200,000 Palestinians attend 21st anniversary celebration of Hamas founding in the Gaza Strip.
By KHALED ABU TOAMEH
Palestinian Authority President Mahmoud Abbas plans to unilaterally extend his term in office by a year when it expires on January 9, PA officials in Ramallah said Sunday.
The officials told The Jerusalem Post that Abbas has won the backing of the Arab League for his decision, noting that the Arab foreign ministers who met in Cairo recently had urged the PA president to remain in power until an agreement is reached with Hamas on holding new elections.
Moreover, they pointed out that veteran PLO leaders who met in Ramallah recently had also expressed support for Abbas's plan. They added that the US and most of the EU countries had also promised to back Abbas.
Hamas, however, reiterated on Sunday that it would not recognize Abbas as president after his four-year term expires next month. The movement said it would name the speaker of the Palestinian Legislative Council, Abdel Aziz Dweik of Hamas, as acting PA president until elections to be held within 60 days.
Hamas legislator and spokesman Salah Bardaweel announced that Dweik, who has been in Israeli prison since the abduction of IDF soldier Gilad Shalit more than two years ago, would serve as "interim president" after January 9.
He noted that the PA Basic Law called for the speaker of the parliament to serve as acting president of the PA for 60 days after the president's term expires or if he steps down or dies.
Bardaweel said the Arab League's support for Abbas was a mere recommendation and did not carry any weight.
"President Abbas will stay in power after January 9 because this is the will of the Arabs and the Palestinians," a top PA official said. "Under the current circumstances, it's impossible to hold a free election because of the Hamas coup in the Gaza Strip."
Another PA official claimed that the next presidential elections should be held together with the parliamentary elections, which are due to take place in January 2010. "Until then, President Abbas will remain in power to avoid a vacuum in the leadership," he said. "The Palestinian cause is passing through a dangerous phase that requires that he remain in power for as long as possible."
Hamas Prime Minister Ismail Haniyeh mocked Abbas's efforts to renew his term in office and condemned the Arab League for recommending that he stay in power.
Addressing hundreds of thousands of Hamas supporters on the 21st anniversary of the movement's founding, Haniyeh also mocked the recent decision of the PLO Central Council to name Abbas "president of the State of Palestine."
"Where is the state they are talking about?" he asked. "Abbas will lose his legitimacy as president of the Palestinian Authority after January 9, regardless of whether he has the backing of Arab or non-Arab parties. The decision to appoint Abbas as president of the state of Palestine does not mean anything, because the Palestinian Basic Law is the only means to solve this issue."
Fahmi Za'arir, a prominent Fatah spokesman, dismissed Haniyeh's remarks as "meaningless."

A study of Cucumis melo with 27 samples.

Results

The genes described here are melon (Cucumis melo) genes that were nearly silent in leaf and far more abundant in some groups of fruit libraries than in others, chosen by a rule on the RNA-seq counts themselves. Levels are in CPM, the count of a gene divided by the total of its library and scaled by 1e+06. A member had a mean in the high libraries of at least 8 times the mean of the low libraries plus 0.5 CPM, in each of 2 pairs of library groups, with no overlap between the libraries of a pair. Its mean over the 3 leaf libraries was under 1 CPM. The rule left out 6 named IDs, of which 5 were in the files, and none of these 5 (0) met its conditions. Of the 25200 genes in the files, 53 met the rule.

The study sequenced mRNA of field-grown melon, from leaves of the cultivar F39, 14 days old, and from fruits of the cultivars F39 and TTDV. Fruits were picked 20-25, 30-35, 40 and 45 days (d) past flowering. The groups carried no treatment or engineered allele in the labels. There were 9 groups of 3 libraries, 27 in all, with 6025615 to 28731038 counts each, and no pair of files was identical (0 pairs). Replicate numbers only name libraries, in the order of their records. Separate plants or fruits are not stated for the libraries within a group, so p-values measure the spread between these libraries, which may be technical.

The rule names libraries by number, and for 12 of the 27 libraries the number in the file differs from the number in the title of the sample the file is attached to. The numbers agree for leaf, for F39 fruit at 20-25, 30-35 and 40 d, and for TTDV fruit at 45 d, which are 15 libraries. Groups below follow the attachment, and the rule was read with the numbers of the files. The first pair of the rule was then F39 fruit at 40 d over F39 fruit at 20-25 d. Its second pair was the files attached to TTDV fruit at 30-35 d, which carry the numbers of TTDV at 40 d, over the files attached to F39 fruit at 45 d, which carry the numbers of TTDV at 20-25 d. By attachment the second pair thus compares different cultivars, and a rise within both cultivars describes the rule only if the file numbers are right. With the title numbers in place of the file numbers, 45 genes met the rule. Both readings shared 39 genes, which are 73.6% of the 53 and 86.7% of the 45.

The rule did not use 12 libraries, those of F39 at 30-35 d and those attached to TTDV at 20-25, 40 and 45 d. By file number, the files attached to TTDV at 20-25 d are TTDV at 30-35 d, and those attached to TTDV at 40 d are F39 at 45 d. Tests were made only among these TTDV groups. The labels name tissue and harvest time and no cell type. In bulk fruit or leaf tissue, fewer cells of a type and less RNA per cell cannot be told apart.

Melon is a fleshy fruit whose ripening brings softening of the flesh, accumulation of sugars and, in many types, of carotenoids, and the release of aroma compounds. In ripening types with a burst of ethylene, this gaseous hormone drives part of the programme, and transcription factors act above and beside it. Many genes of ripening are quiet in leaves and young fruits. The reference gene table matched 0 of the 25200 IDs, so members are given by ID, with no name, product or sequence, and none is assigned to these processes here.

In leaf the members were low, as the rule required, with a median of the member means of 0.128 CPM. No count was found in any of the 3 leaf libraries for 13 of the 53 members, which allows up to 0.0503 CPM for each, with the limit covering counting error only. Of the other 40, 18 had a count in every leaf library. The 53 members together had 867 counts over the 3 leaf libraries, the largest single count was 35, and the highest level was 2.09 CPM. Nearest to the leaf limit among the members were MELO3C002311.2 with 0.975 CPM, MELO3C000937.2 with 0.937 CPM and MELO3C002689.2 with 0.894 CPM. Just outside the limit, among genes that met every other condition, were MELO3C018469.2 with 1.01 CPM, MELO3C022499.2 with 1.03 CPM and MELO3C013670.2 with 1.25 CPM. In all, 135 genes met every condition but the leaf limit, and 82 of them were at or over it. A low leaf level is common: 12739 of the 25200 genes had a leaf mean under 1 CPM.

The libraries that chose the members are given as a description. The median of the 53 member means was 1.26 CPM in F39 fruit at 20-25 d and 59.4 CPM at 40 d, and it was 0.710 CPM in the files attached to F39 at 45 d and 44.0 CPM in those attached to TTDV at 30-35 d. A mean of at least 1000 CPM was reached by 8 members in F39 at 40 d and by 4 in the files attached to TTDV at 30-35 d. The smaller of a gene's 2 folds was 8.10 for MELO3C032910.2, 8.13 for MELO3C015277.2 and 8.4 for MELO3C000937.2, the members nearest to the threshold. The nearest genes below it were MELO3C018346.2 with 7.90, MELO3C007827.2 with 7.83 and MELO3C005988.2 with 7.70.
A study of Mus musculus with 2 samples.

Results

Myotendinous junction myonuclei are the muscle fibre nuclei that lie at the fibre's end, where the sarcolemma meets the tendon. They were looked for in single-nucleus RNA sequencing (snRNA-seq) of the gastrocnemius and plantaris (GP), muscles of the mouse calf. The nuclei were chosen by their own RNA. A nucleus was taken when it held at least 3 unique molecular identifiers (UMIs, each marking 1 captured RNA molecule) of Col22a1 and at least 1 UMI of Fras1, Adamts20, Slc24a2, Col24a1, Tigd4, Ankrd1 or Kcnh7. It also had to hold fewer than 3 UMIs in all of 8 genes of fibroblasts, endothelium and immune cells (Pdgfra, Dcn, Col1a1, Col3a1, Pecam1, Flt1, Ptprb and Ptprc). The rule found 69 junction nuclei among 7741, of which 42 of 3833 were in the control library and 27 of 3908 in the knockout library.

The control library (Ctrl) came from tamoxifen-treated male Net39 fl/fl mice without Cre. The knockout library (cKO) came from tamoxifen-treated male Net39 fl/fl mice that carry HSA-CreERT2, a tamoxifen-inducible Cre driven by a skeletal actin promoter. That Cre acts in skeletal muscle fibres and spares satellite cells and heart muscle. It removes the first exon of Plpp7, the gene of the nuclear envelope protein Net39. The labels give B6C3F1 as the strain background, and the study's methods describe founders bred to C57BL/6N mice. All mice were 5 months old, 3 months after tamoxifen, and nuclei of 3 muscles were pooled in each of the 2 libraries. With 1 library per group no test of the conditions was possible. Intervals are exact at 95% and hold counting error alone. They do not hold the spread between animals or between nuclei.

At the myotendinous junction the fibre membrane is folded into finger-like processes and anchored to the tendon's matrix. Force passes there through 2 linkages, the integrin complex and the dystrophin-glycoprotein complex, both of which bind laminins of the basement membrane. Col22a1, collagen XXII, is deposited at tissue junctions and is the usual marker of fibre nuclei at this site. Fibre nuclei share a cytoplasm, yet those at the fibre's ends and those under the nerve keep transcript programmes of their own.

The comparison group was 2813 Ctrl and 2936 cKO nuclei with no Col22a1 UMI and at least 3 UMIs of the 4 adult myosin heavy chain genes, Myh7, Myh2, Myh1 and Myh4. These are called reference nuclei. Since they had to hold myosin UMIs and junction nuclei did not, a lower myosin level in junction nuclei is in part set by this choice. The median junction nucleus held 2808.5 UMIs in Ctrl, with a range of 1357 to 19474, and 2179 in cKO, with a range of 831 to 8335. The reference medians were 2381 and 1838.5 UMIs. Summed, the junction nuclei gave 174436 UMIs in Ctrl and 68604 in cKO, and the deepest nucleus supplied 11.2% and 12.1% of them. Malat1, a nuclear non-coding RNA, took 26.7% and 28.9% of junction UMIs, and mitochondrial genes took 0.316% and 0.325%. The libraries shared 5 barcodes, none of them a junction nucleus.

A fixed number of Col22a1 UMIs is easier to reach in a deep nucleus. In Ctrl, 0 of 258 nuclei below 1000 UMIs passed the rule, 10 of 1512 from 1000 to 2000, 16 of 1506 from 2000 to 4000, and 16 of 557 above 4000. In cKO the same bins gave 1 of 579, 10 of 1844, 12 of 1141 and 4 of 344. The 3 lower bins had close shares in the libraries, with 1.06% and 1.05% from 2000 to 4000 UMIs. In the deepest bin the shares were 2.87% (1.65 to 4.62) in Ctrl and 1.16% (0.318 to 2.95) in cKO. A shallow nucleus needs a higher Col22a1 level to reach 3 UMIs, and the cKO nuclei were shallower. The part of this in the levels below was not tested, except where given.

He said that January 9 would be another normal working day for Abbas. "President Abbas was elected by the people in a free election," he said. "Fatah is nevertheless prepared to immediately hold presidential and legislative elections."
A defiant Haniyeh stressed that Hamas was not afraid of elections, adding that the movement remained as strong as ever despite Israeli and American attempts to bring it down.
"Hamas is very strong and will become stronger despite the blockade because its power stems from Allah," he said. "This large crowd is the response to [US President George W.] Bush, [President-elect Barak] Obama and those who are helping them that they won't prevail."
Journalists in the Gaza Strip estimated the number of participants in the Hamas rally at 200,000. They said it was one of the largest shows of support for the movement and an indication that Hamas remained the most popular group in the Gaza Strip.
The PA banned Hamas from holding similar rallies in the West Bank. Several Hamas figures in the West Bank were summoned to interrogation by the PA security forces, who warned them against celebrating the Hamas anniversary in public.
Haniyeh launched a scathing attack on the PA security forces in the West Bank and accused them of carrying out orders from US security coordinator Lt.-Gen. Keith Dayton in their fight against Hamas. He added that Hamas was interested in conducting a dialogue with Fatah to solve the crisis. But, he said, the US has "vetoed" any attempt by Fatah to achieve reconciliation with Hamas.
Haniyeh said Hamas was prepared to participate in reconciliation talks with Fatah if the PA released all Hamas prisoners in the West Bank.
The Hamas leader also announced a series of measures to help needy families and boost the economy in the Gaza Strip. The measures include paying $100 to more than 3,000 university student, raising the salaries of teachers by 5 percent, providing financial aid to over 10,000 families and building an opthamology hospital.